Registration by Party, Part Two

Registration by Party, Part Two



The title of my editorial last week was “Should Primary Elections be Decided by the Parties, Part One.”  If you missed it, it is online.  I hope you do read it, because I believe the issues discussed in this series are important and each part will build on preceding editorials.


I used that title because last week was primary election week in South Carolina.  Both major political parties had numerous races throughout the state, at all levels, where individuals were seeking their parties “nomination” to run in the November general election, where they will then face off against the opposing party, if there is indeed a challenger in the general election.


For a complete list of primary races last week around the state, as well as the results, you can go here:  Counting only federal, state legislature and state-wide primaries, there were 58 such races.  If you add local and county races, the number is significantly higher.  Edgefield County had two primary races for two of our five County Council seats.  One was a Republican Primary, the other was a Democrat Primary. Neither of these seats who faced a challenger in the party primary will face a challenger in the general election this November, meaning the individual who won the party primary in June will be uncontested in the general election this November.  Generally, the reason for this is due to the way district lines are drawn, which may be addressed in a future editorial.


I changed the title this week to “Registration by Party, Part Two” because that is the vernacular which is used in the effort to have citizens register to vote by party.  The reality is this series will cover a range of electoral issues, which will ultimately address the principles outlined in the platform of each party.


In my honest opinion, this shouldn’t be that complicated; however, for several reasons, the issue does indeed become complicated.  Due to the constraint of space, I will share two reasons this week:


First, disengagement, or lack of participation, allows the issue to become complicated.  As witnessed in last weeks’ Primary vote, statewide over 80 percent of registered voters choose not to vote in the primary election.  When the vast-majority of citizens choose to not participate in the electoral process, it makes it easy for a small percentage to steer the ship of public policy as well as control the narrative we hear in all forms of media.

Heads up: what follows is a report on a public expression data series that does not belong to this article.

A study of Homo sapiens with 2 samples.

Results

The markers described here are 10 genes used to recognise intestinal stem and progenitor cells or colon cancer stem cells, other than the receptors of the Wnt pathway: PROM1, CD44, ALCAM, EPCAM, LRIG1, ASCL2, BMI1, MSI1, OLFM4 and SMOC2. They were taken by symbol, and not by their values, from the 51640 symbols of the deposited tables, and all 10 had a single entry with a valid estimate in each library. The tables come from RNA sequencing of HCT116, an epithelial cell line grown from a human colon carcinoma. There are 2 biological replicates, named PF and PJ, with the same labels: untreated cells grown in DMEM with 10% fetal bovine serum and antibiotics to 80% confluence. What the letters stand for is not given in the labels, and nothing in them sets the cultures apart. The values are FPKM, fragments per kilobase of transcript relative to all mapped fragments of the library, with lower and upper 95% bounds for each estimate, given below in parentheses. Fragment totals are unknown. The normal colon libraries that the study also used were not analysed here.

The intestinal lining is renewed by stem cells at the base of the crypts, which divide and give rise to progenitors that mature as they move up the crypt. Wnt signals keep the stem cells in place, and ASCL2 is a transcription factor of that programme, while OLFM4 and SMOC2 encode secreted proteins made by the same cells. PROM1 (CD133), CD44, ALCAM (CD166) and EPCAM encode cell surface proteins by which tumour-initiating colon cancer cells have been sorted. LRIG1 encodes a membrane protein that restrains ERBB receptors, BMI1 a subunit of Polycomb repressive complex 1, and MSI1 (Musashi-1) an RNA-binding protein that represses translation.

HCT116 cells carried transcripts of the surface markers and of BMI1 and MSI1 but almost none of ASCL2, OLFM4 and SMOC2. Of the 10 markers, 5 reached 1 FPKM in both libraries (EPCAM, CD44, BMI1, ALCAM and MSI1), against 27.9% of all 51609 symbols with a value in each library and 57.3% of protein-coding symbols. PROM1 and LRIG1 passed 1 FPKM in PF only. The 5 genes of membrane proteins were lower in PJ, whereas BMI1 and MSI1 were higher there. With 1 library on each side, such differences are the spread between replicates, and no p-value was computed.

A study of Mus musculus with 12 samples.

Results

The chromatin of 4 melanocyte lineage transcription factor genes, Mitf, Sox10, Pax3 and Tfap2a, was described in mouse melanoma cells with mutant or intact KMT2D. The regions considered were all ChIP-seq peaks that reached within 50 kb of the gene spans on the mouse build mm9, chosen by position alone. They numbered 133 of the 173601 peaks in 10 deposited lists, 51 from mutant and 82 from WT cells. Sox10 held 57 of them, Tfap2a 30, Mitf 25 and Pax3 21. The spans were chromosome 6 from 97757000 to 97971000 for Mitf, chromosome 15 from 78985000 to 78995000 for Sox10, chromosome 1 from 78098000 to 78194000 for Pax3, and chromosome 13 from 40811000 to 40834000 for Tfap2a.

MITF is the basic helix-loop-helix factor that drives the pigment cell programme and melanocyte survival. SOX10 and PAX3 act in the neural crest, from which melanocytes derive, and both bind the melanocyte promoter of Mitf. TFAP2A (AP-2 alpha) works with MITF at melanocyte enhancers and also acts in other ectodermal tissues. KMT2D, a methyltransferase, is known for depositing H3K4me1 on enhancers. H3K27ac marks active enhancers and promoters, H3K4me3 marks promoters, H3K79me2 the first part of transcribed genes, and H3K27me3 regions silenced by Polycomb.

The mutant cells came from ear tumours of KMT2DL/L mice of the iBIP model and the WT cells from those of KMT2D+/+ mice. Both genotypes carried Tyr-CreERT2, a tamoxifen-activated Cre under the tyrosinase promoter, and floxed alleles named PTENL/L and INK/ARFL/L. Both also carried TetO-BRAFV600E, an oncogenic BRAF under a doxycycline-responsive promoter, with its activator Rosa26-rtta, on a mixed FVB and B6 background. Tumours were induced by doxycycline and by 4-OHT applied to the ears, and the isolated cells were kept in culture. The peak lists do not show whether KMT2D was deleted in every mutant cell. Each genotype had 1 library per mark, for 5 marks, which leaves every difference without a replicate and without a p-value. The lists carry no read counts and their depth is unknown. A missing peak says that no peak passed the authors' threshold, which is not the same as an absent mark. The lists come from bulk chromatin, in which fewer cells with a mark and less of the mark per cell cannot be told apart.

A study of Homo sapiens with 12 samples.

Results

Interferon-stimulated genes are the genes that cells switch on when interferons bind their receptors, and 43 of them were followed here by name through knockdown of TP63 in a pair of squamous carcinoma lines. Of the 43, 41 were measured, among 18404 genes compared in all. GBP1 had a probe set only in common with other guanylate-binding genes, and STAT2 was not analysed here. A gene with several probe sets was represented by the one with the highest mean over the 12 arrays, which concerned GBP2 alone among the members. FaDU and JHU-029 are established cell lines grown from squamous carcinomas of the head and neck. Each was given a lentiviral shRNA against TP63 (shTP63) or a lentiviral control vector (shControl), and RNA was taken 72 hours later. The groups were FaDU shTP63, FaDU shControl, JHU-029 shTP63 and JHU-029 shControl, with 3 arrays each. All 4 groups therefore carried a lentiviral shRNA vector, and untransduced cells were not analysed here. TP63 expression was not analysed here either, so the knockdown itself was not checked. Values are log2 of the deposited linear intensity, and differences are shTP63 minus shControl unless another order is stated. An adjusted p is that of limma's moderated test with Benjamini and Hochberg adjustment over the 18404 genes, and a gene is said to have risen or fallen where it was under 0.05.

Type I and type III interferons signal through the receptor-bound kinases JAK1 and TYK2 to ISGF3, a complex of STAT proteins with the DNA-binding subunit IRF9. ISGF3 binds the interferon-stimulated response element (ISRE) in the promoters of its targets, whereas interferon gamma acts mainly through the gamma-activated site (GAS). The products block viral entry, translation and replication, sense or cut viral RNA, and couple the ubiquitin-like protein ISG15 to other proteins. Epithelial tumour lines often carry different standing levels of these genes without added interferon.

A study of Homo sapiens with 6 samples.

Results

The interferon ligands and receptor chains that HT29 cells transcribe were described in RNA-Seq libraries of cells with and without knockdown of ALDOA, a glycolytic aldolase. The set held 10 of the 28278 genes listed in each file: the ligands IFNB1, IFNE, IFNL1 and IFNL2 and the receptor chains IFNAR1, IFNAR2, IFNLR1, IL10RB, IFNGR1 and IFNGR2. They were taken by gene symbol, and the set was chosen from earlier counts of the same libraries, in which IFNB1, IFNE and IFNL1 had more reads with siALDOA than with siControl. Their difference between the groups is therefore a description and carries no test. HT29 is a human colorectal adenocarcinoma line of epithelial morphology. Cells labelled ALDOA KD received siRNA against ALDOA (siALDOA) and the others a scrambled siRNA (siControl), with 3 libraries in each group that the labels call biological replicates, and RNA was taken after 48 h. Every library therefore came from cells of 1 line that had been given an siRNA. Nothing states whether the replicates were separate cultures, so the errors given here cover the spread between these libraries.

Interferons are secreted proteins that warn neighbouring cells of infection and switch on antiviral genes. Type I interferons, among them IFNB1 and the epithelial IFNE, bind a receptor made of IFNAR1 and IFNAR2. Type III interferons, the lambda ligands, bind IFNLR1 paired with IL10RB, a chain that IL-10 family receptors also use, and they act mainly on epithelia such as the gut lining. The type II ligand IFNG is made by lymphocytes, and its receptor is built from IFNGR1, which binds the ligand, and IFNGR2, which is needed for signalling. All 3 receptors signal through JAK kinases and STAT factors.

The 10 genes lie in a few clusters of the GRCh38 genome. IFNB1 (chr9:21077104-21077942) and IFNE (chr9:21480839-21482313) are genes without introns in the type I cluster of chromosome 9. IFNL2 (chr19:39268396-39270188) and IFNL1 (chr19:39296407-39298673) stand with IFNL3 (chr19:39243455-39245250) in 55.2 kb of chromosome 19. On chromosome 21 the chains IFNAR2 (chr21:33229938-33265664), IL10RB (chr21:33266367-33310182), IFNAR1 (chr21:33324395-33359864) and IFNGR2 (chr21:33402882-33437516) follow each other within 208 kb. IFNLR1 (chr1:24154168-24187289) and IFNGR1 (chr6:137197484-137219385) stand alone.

Second, soundbites sound good, and are easily followed.  Simple soundbites, which sound good, don’t allow deeper inspection into the issue.  One soundbite often heard from those opposing registration by party is, “people over party.”  In other words, we shouldn’t have closed primaries, because we are voting for a person, not a party.


While that sounds innocuous and helpful, the reality is people are voting for individuals who have a worldview.  The job of the electorate during a primary is to identify the candidates worldview and ensure it aligns with the party they choose to run under, especially if it is the party we are engaged in.  If, and when the candidate wins, our job as the electorate is to hold them accountable to the principles they ran under.  That after all, is the purpose of the primary.  Our job then isn’t simply to vote for the individual we like the most, because he is our neighbor and he tells great jokes!


To those who say, “People over Party,” my reply is, “Principles determine Platform.  Our job is to defend the platform of the party our individual worldview aligns with.”


More next week.  Here’s wishing you a productive week.